A research assistant extracts DNA from bactillus anthracis, the bactirium that causes anthrax. AFP / Getty Images

75 scientists working in US federal government laboratories in Atlanta may have been exposed to live anthrax bacteria, it has been reported.

The potential exposure occurred after researchers working in a high-level bio security laboratory at the agency's Atlanta campus, failed to comply with required procedures to inactivate the bacteria.

They transferred the samples, which may have contained live bacteria, to lower-security CDC labs, which were not equipped to handle live anthrax.

Dr Paul Meechan, director of the environmental health and safety compliance office at the CDC, said the agency began contacting individuals working in the labs as soon as they discovered the potential exposure.

The normal incubation period can take up to five to seven days, though there are documented cases of the illness occurring some 60 days after exposure.

It is feared that up to seven researchers may have come into direct contact with the live anthrax, however "no employee has shown any symptoms of anthrax illness," Meechan said.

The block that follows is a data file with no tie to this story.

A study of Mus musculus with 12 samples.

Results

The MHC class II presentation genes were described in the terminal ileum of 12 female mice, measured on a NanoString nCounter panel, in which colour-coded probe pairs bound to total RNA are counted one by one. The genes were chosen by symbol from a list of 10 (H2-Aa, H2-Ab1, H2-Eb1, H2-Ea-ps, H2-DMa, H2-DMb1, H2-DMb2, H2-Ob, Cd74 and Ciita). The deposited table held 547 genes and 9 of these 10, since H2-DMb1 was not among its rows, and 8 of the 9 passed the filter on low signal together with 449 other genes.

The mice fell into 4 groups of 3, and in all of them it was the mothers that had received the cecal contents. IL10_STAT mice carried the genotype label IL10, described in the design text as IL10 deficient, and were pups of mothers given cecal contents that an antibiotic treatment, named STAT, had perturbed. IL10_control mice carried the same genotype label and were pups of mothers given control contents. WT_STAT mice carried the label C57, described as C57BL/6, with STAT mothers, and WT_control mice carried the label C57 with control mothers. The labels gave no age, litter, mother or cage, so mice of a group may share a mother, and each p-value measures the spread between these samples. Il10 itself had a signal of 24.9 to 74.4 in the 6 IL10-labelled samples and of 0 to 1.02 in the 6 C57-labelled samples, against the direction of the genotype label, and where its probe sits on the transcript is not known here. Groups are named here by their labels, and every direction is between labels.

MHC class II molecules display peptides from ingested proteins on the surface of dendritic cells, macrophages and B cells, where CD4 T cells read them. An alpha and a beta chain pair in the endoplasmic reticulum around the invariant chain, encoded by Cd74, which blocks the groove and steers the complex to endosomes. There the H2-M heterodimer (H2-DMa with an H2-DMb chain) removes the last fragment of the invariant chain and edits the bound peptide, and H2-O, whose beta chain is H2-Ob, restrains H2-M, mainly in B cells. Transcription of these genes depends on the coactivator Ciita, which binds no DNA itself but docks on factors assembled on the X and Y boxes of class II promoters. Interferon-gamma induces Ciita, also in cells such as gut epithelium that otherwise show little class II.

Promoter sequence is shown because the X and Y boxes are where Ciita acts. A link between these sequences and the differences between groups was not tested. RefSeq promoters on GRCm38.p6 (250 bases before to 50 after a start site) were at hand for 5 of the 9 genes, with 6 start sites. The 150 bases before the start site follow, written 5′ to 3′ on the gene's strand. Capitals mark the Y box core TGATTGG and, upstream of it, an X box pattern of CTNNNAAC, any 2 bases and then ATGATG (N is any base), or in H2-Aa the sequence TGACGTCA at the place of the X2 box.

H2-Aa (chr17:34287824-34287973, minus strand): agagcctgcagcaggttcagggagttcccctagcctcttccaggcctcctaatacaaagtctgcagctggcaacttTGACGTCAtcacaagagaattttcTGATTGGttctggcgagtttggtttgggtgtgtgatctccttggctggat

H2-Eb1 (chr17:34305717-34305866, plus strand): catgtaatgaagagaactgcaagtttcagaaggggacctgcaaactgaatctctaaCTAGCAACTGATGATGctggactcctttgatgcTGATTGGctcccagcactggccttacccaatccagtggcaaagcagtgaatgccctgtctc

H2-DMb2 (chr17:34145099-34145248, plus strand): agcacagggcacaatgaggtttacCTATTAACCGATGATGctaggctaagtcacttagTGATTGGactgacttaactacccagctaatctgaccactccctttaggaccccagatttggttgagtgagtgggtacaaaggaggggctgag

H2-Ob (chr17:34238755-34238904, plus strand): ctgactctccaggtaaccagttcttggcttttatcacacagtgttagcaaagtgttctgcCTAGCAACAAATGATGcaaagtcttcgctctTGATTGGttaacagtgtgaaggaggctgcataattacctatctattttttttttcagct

Around 75 individuals are being offered a 60-day course of treatment with the antibiotic ciprofloxacin as well as an injection with an anthrax vaccine to prevent infection, the US Centre for Disease Control and Prevention has confirmed.

The agency is ensuring that all employees who may have walked into any of the labs at risk are also being offered treatment as a precaution.

While it is too early to determine whether the transfer was accidental or intentional, Meechan said the CDC is conducting an internal investigation to discover how the exposure occurred and said disciplinary measures would be taken if warranted.

"This should not have happened," he said. "We're taking care of it. We will not let our people be at risk."